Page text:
Saturday, 30 November 2013

Taking stock...

Tantalisingly, during my week of forced absence from the ether, my son brought round the remaining buildings I have which I have started over the years.  All 7mm scale.

These were all made for my lantern Yard set-piece.
I wanted to play around with corrugated iron and made a small press tool from styrene bits, located with some styrene tube.  This makes a scale sized sheet of Corrugated iron, or asbestos, dependent on the finish.  I use Chinese takeaway trays foil which is just thick enough to have some strength.
Just put the scale sheet, a little over width to account for the forming using up some width, in the tool and squeeze in the vice.
Paradoxically, having made flat sheets, I decided to make a much modified Nissen hut as the small car workshop and general mechanic's place, so had to curve the sheets.  Easily done over a curved form. Be gentle and it will take up a shape, without kinking, keeping it nicely.
High up windows necessary for the light needed to fix anything and everything.

Needless to say, like most mechanics, this guy started as a blacksmith and just spread his skills, the way of most country garages.
He does however, still do a fair bit of smithing and lives in the original smithy's cottage that he was born and raised in.
This is the cottage, with the brick and slated forge building an add-on to the side.  The back additions are so typical and based on a cottage in Upwell.  The kitchen is the first addition, brick, with a pantile roof and an old chimney coming up from where the washing copper was once installed, but now replaced with a small Raeburn cook-and-heat stove. Then, deciding that a grubby blacksmith/mechanic needed a bath that didn't always have to go on the living room floor in front of the fire, he added a blockwork bathroom, rendered, under a simple cement tile roof., with a second hand window frame, "relieved" from a building site in the nearby town.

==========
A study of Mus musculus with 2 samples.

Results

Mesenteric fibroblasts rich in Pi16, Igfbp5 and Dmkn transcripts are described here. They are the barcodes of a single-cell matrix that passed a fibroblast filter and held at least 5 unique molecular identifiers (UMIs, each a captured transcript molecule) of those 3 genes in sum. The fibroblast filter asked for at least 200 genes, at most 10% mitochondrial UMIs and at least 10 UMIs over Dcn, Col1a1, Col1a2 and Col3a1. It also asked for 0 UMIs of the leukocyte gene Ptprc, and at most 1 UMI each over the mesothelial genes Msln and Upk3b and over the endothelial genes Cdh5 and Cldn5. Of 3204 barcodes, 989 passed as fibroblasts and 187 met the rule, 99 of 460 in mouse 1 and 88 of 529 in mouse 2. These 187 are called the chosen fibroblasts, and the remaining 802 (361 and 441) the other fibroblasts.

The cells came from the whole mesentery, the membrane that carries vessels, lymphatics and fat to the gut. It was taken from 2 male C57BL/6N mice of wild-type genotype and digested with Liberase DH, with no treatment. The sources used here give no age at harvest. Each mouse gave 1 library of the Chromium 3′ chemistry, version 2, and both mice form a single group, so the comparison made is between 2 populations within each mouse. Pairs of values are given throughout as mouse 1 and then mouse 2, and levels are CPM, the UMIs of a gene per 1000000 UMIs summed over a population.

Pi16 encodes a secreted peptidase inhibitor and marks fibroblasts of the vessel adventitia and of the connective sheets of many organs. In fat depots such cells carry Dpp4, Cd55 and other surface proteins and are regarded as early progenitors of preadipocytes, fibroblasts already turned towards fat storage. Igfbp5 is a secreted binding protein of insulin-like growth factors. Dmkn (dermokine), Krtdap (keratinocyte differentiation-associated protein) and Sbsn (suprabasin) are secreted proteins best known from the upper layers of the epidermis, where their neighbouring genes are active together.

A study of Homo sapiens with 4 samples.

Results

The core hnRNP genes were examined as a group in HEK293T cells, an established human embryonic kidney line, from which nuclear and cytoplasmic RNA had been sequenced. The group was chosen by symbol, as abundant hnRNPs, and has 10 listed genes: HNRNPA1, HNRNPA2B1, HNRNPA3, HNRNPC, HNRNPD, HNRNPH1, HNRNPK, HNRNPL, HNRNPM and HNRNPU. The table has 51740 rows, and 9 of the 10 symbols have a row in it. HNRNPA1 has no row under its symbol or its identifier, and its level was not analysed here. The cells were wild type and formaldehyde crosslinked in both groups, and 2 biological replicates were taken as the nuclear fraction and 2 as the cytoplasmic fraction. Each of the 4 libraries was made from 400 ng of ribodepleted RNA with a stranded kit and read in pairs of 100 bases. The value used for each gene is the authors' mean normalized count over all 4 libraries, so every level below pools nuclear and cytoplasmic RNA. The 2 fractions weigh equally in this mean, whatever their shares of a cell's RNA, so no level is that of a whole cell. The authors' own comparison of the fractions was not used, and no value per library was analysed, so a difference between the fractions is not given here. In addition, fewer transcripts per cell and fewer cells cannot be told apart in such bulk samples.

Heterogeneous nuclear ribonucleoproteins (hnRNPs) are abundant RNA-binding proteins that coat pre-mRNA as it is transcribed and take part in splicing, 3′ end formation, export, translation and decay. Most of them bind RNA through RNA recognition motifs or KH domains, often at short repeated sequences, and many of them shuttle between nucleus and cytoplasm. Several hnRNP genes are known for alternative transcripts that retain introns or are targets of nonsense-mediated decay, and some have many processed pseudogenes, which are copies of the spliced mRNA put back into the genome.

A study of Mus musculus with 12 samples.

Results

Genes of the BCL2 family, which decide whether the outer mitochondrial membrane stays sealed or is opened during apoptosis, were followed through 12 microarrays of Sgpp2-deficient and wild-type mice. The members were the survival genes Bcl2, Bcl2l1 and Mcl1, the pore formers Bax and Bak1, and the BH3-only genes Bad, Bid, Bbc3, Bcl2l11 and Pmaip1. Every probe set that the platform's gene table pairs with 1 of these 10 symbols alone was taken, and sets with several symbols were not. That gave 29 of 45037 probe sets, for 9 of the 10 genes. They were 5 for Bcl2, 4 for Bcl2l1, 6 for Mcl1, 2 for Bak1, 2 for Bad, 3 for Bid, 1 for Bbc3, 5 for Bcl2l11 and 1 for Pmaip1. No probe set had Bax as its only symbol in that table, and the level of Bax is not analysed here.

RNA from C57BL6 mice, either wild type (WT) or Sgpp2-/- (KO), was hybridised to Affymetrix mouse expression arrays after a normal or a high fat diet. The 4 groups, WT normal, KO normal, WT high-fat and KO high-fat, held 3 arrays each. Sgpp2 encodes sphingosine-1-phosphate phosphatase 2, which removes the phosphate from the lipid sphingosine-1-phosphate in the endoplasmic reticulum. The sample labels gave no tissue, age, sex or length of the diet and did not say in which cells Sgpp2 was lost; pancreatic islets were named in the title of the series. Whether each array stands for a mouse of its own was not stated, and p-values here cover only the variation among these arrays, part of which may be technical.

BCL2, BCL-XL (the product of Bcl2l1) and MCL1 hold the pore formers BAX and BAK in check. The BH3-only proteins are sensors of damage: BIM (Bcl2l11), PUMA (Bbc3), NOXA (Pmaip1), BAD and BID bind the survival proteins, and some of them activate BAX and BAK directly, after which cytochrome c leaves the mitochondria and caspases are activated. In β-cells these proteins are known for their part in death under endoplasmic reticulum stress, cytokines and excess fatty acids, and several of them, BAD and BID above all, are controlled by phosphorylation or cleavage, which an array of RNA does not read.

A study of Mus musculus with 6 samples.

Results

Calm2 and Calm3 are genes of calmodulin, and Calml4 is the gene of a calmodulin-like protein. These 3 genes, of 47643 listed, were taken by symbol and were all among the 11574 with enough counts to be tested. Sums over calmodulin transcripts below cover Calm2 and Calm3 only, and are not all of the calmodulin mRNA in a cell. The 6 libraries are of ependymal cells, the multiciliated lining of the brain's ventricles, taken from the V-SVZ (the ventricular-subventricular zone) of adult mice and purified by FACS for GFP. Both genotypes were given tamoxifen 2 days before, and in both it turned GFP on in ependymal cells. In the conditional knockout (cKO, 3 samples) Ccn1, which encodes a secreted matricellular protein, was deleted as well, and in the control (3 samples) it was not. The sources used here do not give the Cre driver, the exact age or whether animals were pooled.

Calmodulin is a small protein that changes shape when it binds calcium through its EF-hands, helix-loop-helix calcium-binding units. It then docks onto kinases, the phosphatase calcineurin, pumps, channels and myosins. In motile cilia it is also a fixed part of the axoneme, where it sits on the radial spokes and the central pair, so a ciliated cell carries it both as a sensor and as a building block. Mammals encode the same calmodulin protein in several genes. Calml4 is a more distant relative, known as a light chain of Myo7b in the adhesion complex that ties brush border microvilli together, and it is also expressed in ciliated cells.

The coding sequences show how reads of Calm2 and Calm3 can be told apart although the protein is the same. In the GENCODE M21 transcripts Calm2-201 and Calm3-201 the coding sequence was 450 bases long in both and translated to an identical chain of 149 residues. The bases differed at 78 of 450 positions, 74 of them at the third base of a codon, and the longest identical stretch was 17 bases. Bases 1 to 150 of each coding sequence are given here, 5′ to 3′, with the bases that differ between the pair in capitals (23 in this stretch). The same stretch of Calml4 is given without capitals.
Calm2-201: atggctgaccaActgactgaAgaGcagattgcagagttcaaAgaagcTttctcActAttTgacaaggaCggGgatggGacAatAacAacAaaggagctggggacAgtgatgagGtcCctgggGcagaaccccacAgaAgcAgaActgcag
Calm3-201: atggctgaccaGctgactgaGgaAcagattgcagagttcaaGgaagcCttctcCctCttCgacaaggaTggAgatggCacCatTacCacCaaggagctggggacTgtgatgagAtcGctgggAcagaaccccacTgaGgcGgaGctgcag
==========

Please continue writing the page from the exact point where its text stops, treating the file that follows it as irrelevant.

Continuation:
The pantiles were made by bending two strips of thickish litho plate to act as a press, then cutting strips of thin card, soaking them in the steam from a kettle and laying them in between the plates and weighting them down.  When dry, the individual tiles are cut with scissors and laid from right to left, bottom to top.  Seems to have worked.  We all think we know what pantiles look like, but actually, they are rarely what you'd swear blind they are!  These are carefully measured from slipped tiles on a local semi-derelict building.